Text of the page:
Even Local Churches Can Crumble
In the nineteenth century, Europe dominated the world by virtue of its economic and military strength. It could, with some legitimacy, boast that the European civilization was superior to all others. But then, something happened in Europe that changed everything.
Earlier this year, June 28th, marked the 100th anniversary of the assassination of Archduke Ferdinand of Austria. At the time, it might have seemed a relatively minor event, as far as assassinations go.
However, the assassination of the archduke had unexpected consequences. This event precipitated World War I, which led to the deaths of nine million men.
When surviving troops finally returned home four years later, they unwittingly carried with them a virulent strain of influenza. In time, this killed another 50 million people.
In addition, the war led to a change of regime in Russia, from czarist autocracy to the secular communism of Lenin and Stalin. Their purges led to the loss of another 20 million lives.
At the war’s conclusion, China felt scorned by the European powers and formed its own communist party. Soon, the Cultural Revolution and ‘Great Leap Forward’ would cost the lives of another 40 million people.
Finally, the Treaty of Versailles, signed by Germany and the Allied powers on June 28, 1919 — exactly five years after the assassination of Archduke Ferdinand — though it was meant to end European hostilities forever, in fact set the stage for World War II. Another 60 million would die. 2.5% of the world’s population was lost.
Looking back and doing the math, the ‘minor’ assassination of an Austro-Hungarian duke led to more than 200 million deaths!
For the local church, there is a lesson to be learned here, as we look back and commemorate this event in history. Even little things can bring down great civilizations, at a tremendous cost to humanity. This is even truer of the greatest civilization of all—the local church, the church of Jesus Christ.
Even local churches can crumble.
It happened to the church of Ephesus, to which the greatest apostle of all time — a man by the name of Paul — wrote his theological masterpiece, the Epistle to the Ephesians. Paul was aware of what can happen to the local church. This was why, on his last visit to Ephesus, he called together the elders of the church and gave them a blueprint for survival:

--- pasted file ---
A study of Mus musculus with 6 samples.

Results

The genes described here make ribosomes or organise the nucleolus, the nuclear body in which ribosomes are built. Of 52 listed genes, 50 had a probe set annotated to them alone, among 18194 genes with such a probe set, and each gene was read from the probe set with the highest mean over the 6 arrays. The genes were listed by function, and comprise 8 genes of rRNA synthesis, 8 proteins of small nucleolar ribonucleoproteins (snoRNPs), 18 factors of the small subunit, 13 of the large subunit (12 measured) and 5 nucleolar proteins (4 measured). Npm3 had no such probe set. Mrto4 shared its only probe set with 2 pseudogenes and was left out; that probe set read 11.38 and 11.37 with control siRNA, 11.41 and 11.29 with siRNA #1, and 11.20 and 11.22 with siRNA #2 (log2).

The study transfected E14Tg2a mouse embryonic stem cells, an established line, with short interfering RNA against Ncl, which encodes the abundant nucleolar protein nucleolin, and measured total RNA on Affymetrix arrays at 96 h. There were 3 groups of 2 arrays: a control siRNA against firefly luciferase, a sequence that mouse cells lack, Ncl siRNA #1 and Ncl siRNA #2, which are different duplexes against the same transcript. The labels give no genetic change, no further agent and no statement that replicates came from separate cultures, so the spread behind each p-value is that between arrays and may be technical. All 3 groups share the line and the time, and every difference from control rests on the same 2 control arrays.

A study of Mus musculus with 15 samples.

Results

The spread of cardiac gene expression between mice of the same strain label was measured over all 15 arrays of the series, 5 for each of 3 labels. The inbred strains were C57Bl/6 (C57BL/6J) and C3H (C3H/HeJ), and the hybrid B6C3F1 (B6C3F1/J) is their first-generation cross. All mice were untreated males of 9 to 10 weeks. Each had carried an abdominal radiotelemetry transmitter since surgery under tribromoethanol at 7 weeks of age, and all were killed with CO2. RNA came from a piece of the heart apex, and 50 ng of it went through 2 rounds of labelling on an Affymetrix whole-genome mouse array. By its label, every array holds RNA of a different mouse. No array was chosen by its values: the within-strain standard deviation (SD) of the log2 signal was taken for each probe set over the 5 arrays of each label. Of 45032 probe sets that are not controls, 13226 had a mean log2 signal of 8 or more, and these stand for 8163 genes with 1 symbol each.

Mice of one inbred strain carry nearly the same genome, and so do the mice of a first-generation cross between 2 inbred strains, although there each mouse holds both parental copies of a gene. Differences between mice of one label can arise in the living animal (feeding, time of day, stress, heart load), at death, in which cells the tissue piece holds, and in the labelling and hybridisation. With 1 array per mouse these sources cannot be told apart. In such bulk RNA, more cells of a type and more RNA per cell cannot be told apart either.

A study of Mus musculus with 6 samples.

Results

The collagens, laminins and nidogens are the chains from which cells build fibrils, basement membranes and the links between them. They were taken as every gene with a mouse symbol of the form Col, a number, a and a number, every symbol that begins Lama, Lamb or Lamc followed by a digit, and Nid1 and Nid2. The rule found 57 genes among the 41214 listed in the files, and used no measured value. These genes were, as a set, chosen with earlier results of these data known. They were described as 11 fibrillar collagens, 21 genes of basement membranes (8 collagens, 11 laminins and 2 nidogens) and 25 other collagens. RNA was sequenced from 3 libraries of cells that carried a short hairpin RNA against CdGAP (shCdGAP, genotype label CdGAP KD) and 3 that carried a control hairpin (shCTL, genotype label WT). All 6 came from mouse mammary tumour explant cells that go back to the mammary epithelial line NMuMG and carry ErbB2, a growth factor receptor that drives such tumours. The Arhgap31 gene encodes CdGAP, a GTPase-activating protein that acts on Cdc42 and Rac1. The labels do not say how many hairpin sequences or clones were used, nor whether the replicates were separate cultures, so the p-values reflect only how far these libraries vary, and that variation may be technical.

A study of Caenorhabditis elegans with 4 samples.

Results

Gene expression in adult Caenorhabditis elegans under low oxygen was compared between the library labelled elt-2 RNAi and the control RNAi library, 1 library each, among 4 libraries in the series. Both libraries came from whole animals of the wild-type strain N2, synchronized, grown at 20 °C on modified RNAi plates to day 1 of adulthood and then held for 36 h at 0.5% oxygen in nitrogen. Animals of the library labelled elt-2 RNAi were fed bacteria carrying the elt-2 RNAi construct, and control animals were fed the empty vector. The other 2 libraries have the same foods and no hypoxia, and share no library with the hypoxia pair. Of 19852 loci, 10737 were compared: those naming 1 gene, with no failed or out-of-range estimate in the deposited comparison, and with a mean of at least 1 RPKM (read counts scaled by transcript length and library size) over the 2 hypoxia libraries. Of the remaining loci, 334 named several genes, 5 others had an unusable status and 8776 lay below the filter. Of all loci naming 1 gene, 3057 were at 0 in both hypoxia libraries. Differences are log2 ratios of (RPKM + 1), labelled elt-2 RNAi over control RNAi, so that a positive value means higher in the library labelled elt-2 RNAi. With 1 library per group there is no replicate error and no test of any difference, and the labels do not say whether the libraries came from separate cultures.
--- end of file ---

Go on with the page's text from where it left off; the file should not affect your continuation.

And now, behold, I know that none of you among whom I have gone about proclaiming the kingdom will see my face again. Therefore I testify to you this day that I am innocent of the blood of all, for I did not shrink from declaring to you the whole counsel of God. Pay careful attention to yourselves and to all the flock, in which the Holy Spirit has made you overseers, to care for the church of God, which he obtained with his own blood. I know that after my departure fierce wolves will come in among you, not sparing the flock; and from among your own selves will arise men speaking twisted things, to draw away the disciples after them. Therefore be alert, remembering that for three years I did not cease night or day to admonish every one with tears. And now I commend you to God and to the word of his grace, which is able to build you up and to give you the inheritance among all those who are sanctified. I coveted no one’s silver or gold or apparel. You yourselves know that these hands ministered to my necessities and to those who were with me. In all things I have shown you that by working hard in this way we must help the weak and remember the words of the Lord Jesus, how he himself said, ‘It is more blessed to give than to receive.’” And when he had said these things, he knelt down and prayed with them all. And there was much weeping on the part of all; they embraced Paul and kissed him, being sorrowful most of all because of the word he had spoken, that they would not see his face again. And they accompanied him to the ship.
Watch for wolves. Admonish with tears. Help the weak.